Thaddeus M. Sendzimir (left) and Ronald O’Malley (right) presented the 2021 AIST Tadeusz Sendzimir Memorial Medal to William Emling (center).
Tadeusz Sendzimir Memorial Medal
History and Purpose
The AIST Tadeusz Sendzimir Memorial Medal was established in 1990 to perpetuate the memory of Dr. Tadeusz Sendzimir’s achievements and engineering contributions in developing process equipment for the steel industry.
Nominations shall be made by submitting the AIST Award Nomination Form. The principal nominator must be a member of an AIST Technology Committee. One of three required letters of endorsement must be from the Technology Committee chair, or his or her designated representative, and must be submitted along with a detailed biography and citation.
All nomination information is considered confidential to the AIST Board of Directors, the Awards & Recognition Program Committee and its subcommittees.
The award shall be given to the individual or individuals who have advanced steelmaking through the invention, development or application of new manufacturing processes or equipment. Posthumous nominations shall be eligible if nominated within three years of death.
The AIST Awards and Recognition Program Committee will select a final candidate.
About Tadeusz Sendzimir
Tadeusz Sendzimir was a Polish engineer and inventor of international renown with 120 patents in mining and metallurgy, 73 of which were awarded to him in the United States.
Sendzimir was a holder of the Polish Golden Cross of Merit, the Bessemer Gold Medal and the Brinell Gold Medal from the Royal Swedish Academy of Sciences. The AIST Tadeusz Sendzimir Memorial Medal was established in 1990.
After studying at the 4th Classical Gymnasium in Lwów, Poland, Sendzimir entered the Politechnika Lwowska. When Lwów was captured by Russian troops, the Polytechnic Institute was closed and he moved to Kiev. There he worked in auto services and in the Russian-American Chamber of Commerce. The Russian Revolution of 1917 forced Sendzimir to flee to Shanghai, where he built the first factory in China that produced screws, nails and wire.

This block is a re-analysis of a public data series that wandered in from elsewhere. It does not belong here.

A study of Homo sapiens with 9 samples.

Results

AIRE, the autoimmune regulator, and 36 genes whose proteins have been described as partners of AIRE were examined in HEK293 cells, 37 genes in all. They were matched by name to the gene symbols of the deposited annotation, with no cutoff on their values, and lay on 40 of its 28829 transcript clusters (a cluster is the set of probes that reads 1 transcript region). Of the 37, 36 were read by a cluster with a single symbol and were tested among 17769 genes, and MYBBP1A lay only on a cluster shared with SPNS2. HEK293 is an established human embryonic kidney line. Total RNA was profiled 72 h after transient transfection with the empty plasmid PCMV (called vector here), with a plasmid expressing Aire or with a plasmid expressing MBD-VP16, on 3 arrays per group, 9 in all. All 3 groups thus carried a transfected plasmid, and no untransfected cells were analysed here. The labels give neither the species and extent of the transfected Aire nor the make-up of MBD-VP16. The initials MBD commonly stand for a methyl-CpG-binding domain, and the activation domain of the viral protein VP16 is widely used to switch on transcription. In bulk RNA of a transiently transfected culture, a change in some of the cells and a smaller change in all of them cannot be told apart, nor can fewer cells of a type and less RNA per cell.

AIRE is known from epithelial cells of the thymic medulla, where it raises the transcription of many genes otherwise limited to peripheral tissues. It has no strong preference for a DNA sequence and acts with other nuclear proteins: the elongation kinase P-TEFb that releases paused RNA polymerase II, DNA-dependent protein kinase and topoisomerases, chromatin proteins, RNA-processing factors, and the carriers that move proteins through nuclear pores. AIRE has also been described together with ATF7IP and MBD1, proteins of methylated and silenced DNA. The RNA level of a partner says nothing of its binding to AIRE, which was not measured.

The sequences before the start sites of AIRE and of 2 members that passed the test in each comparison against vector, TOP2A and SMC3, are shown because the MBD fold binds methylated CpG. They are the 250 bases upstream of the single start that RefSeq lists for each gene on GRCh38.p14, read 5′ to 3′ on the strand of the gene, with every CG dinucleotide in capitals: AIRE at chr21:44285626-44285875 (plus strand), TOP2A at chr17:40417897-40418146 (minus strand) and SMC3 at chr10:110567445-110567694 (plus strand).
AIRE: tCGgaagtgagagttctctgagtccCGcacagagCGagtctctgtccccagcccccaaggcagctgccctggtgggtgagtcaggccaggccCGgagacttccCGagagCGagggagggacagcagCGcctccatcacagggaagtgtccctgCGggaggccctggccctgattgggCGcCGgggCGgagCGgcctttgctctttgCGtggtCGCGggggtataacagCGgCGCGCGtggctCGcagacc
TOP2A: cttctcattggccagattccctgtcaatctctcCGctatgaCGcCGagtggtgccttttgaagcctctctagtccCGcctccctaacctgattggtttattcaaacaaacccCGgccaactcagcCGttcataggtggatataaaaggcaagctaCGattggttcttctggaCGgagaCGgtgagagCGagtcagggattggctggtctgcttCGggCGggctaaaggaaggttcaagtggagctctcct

Designing and making his own machines, Sendzimir began experimenting with a new way to galvanize steel. Despite galvanization, the products still had a tendency to oxidize. Sendzimir discovered that the problem was due to the zinc bonding to a thin layer of iron hydroxide on its surface, rather than to the iron. In 1931, he obtained support for the construction of the first industrial-scale galvanizing unit and put several cold strip mills into operation.
He established a steel mill in Butler, Pa., USA, in 1936. By 1938, Armco Steel became interested in his work and formed the Armzen Co. with him to oversee the worldwide expansion of his galvanizing and mill technology. Sendzimir's patented mill could roll hard materials down to very light gauges.
The T. Sendzimir Inc. company was formed in Waterbury, Conn., in the 1940s.
In 1975, Sendzimir received the honorary degree of doctor honoris causa from the AGH University of Science and Technology in Kraków, Poland. Sendzimir's successful methods for galvanizing steel eventually were implemented in the first Z-mill rolling silicon steel, and by the 1980s, 90% of the world’s galvanized steel production went through the Sendzimir process.
Sendzimir died in 1989 after a massive stroke and was buried by his family in a zinc-plated coffin made according to his design.